His death was announced by the Chargers.

As coach from 1978 to 1986, Coryell led the Chargers to the postseason four times. His teams played twice in the American Football Conference championship game.

Featuring the future Hall of Famers Dan Fouts at quarterback, Charlie Joiner at wide receiver and Kellen Winslow at tight end, along with running back Chuck Muncie, Coryell's Chargers were usually atop the National Football League passing statistics.

"In our offense we attack the entire field," Joiner told The New York Times in 1983. "A team might be able to stop our running game or our tight end. But they can't defend the entire field. What we have been able to do is throw farther and farther down field."

Fouts said Air Coryell forced changes in defensive alignments throughout the N.F.L., with defenders coming in or going out in passing situations.

"They started substituting nickel and dime backs, situational pass rushers, faster defensive linemen, taking out safeties that couldn't run and putting in an extra corner," he told USA Today last winter. "No question, Don profoundly affected both sides of the ball."

The Chargers' passing game featured a quick and accurate read of the defense by Fouts and then his quick release of the football to counter the pass rush and create mismatches, like a tall receiver on a relatively short defensive back. When a primary receiver was not open, Fouts looked to alternate receivers running routes designed by Coryell, who emphasized precision in having receivers arrive at designated spots in a designated amount of seconds.

Coryell, who was born in Seattle on Oct. 17, 1924, played defensive back for the University of Washington. He coached at Whittier College in California from 1957 to 1959, then created a high-profile football program at San Diego State, where he coached from 1961 to 1972 and posted a record of 104-19-2.

He developed his emphasis on passing while at San Diego State. "We could only recruit a limited number of runners and linemen against schools like U.S.C. and U.C.L.A.," he told The San Diego Union-Tribune. "And there were a lot of kids in Southern California passing and catching the ball."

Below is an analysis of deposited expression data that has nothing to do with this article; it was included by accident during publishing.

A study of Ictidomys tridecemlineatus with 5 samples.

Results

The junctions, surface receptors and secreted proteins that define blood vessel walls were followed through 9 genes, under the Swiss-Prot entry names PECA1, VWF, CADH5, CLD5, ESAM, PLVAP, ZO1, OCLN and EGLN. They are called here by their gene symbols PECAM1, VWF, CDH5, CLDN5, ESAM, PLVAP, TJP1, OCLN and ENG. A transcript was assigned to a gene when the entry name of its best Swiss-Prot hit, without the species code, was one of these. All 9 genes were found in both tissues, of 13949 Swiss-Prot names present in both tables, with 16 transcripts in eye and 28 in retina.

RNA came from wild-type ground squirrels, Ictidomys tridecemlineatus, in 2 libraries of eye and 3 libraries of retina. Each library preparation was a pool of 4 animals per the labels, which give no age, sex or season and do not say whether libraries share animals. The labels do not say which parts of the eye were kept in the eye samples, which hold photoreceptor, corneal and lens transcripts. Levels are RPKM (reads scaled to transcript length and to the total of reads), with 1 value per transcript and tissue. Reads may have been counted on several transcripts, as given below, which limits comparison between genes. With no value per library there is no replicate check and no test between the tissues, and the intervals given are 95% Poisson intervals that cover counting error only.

Coryell was inducted into the College Football Hall of Fame in 1999 and was the only coach to win at least 100 games in both college and the pros.

He became the head coach of the St. Louis Cardinals in 1973 and took them to two divisional titles with an offense led by quarterback Jim Hart before joining the Chargers.

Coryell resigned as the Chargers' coach during the 1986 season after his team posted a 1-7 record. He had an overall record of 111-83-1 during the regular season with the Cardinals and the Chargers.

He is survived by his son, Mike, of Los Gatos, Calif.; his daughter, Mindy Lewis, of San Diego; and three grandchildren. He had been living with both of his children in recent months while in ill health. His wife, Aliisa, died in 2008.

Coryell was not a member of the Pro Football Hall of Fame but received strong consideration in the 2010 election.

Soon after Coryell left the Chargers, Tom Landry, the Dallas Cowboys' coach and a future Hall of Famer, paid tribute to his innovations.

"When he went to St. Louis he was far ahead of everybody as far as what they did with the ball," Landry told The Los Angeles Times. "When he went to San Diego, he was one of the first real forerunners of the passing game we see today. It was a shame he could never make it to the Super Bowl."


God bless him, guys.



RIP Coach.



RIP Coach.


Yep . remember him with the Cards with Jim Hart , Terry Metcalf , Dierdorf Dobler & Co.